Secretary Clinton will be leaving August 5 for a seven-country tour of Africa. She will hit Kenya, South Africa, Angola, the Democratic Republic of the Congo, Nigeria, Liberia, and Cape Verde. (Whew!) The itinerary suggests that the theme of the trip will be more real politik than President Obama’s recent visit to Ghana which stressed good governance and was a celebration of Ghana’s recent electoral and economic successes. The Secretary, in choosing the largest economies and the continent’s most influential capitals, is likely to highlight more traditional U.S. economic and security interests. A few thoughts on what to expect -- and what Africa can hope for:
This is a joint posting with Sarah Jane Staats and also appeared on the Huffington Post
Amidst of a month of partisan battles on Capitol Hill over a Supreme Court nominee, healthcare and financial regulation, a new bill was introduced this week that rose above party lines: the Foreign Assistance Revitalization and Accountability Act of 2009 (S. 1524). Senators Kerry, Lugar, Menendez, Corker, Risch and Cardin--three Democrats and three Republicans--introduced the bill as “a first step toward comprehensive reform of U.S. foreign assistance,” showing they are ready, willing and able to work with the administration on a set of deeper reforms.
International cooperation on climate change got bad press during Secretary Clinton’s Asia trip this month, when Indian Environment Minister Jairam Ramesh rebuffed Washington's position that advanced developing countries should take on emission caps. The New York Times story “Meeting Shows U.S.-India Split On Emissions” started with a description of a tour of an innovative, energy-efficient office building:
UK Minister for International Development Douglas Alexander presented at a CGD roundtable yesterday a new poverty action plan to help the world’s poorest people cope with the global economic crisis. Alexander said that the measures described in the new UK government White Paper, Eliminating World Poverty: Building Our Common Future would help 50 million people hit by the crisis, keeping children in school, parents in jobs, and the most vulnerable people out of destitution.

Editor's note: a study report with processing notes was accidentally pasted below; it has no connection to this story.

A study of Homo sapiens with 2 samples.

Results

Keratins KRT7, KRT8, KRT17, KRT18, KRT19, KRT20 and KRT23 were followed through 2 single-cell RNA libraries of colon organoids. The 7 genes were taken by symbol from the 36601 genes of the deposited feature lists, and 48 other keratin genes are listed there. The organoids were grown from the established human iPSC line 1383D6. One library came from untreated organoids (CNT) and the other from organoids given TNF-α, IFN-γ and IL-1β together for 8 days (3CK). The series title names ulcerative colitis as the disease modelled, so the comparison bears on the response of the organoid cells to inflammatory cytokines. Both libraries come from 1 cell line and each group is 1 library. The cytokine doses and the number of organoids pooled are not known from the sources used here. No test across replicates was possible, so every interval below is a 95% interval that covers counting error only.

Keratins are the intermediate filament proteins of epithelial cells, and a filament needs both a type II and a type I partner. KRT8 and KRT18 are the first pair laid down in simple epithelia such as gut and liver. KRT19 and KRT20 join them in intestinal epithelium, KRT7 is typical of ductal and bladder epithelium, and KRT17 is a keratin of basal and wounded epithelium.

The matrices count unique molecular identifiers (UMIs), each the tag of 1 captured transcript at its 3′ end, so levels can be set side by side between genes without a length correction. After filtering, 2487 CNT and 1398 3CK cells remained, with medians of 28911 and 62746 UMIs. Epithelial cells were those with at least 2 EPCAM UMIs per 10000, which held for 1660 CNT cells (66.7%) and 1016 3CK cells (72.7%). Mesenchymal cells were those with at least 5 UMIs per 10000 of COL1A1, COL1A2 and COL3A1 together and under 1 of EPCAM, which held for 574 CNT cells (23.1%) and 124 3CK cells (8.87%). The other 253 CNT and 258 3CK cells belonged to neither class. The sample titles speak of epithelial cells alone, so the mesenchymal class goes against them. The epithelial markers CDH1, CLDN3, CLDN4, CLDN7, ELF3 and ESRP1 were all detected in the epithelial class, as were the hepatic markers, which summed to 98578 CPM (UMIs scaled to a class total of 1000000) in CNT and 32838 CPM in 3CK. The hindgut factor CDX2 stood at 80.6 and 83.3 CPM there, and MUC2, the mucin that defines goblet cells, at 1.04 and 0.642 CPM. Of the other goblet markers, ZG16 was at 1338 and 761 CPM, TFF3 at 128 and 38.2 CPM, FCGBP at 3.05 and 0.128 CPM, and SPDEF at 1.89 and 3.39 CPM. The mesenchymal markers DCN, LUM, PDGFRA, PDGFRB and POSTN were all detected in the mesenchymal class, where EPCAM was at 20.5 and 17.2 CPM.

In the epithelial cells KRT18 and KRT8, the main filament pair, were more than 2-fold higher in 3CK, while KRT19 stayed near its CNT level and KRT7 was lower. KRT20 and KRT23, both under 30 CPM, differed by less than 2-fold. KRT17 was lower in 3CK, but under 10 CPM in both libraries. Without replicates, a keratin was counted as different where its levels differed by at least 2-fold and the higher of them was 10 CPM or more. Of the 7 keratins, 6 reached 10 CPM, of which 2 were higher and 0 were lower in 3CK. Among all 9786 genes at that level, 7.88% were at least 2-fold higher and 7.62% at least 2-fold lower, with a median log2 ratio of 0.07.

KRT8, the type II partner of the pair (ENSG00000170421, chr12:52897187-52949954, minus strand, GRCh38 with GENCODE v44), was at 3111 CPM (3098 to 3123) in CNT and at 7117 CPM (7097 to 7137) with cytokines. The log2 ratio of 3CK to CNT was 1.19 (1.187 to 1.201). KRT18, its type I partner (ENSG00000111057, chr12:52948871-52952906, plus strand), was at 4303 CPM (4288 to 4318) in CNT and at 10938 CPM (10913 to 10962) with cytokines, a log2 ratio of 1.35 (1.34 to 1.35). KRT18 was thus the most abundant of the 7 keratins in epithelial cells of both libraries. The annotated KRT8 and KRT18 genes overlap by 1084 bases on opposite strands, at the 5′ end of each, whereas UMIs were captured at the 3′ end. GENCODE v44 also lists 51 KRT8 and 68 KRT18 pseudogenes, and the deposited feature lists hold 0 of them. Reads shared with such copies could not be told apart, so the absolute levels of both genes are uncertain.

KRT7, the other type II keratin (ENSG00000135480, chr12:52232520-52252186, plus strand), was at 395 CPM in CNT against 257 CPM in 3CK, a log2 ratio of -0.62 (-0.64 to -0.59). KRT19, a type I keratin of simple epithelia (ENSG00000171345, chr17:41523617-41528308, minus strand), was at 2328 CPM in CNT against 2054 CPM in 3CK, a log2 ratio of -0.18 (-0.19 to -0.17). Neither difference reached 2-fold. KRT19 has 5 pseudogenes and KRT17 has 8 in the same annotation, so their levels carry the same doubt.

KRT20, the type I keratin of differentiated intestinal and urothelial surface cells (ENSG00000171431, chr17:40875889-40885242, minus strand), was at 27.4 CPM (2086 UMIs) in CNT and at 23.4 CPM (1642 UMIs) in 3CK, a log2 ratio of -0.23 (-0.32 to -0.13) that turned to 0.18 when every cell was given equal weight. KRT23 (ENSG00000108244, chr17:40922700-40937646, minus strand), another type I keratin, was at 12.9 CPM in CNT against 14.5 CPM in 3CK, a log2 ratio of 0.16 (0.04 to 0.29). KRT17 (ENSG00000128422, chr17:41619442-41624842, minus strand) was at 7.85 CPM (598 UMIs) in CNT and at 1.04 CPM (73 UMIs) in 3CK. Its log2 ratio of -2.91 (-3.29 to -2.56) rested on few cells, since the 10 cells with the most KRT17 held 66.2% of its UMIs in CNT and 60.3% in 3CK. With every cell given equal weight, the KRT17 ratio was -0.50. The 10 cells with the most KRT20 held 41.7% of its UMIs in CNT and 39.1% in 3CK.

Congress should focus U.S. foreign assistance on human and economic development to buttress vulnerable societies against the inevitable impacts of climate change, CGD senior fellow David Wheeler told members of the House Foreign Affairs Subcommittee on Asia, the Pacific and the Global Environment at a congressional hearing last week.
In a recent interview on CNN en Español I discussed the evolving role of the U.S. Federal Reserve Board and its implications for developing countries. People in Latin America are following this issue closely. That’s because the global crisis has reminded everybody that an unstable financial sector in the industrial countries has powerful ripple effects not only on the financial sector of developing countries but also on the real economy, with serious consequences for poverty and inequality.
In a recent blog post Duncan Green of Oxfam briefly introduced COD Aid (for what that is go here) and raised a few good questions (along with a disclaimer that he needs to learn more) about the approach. One concern he raised is whether the approach doesn’t pass the donor’s usual attribution test, i.e. the test of whether the donor’s aid made some positive and measurable difference.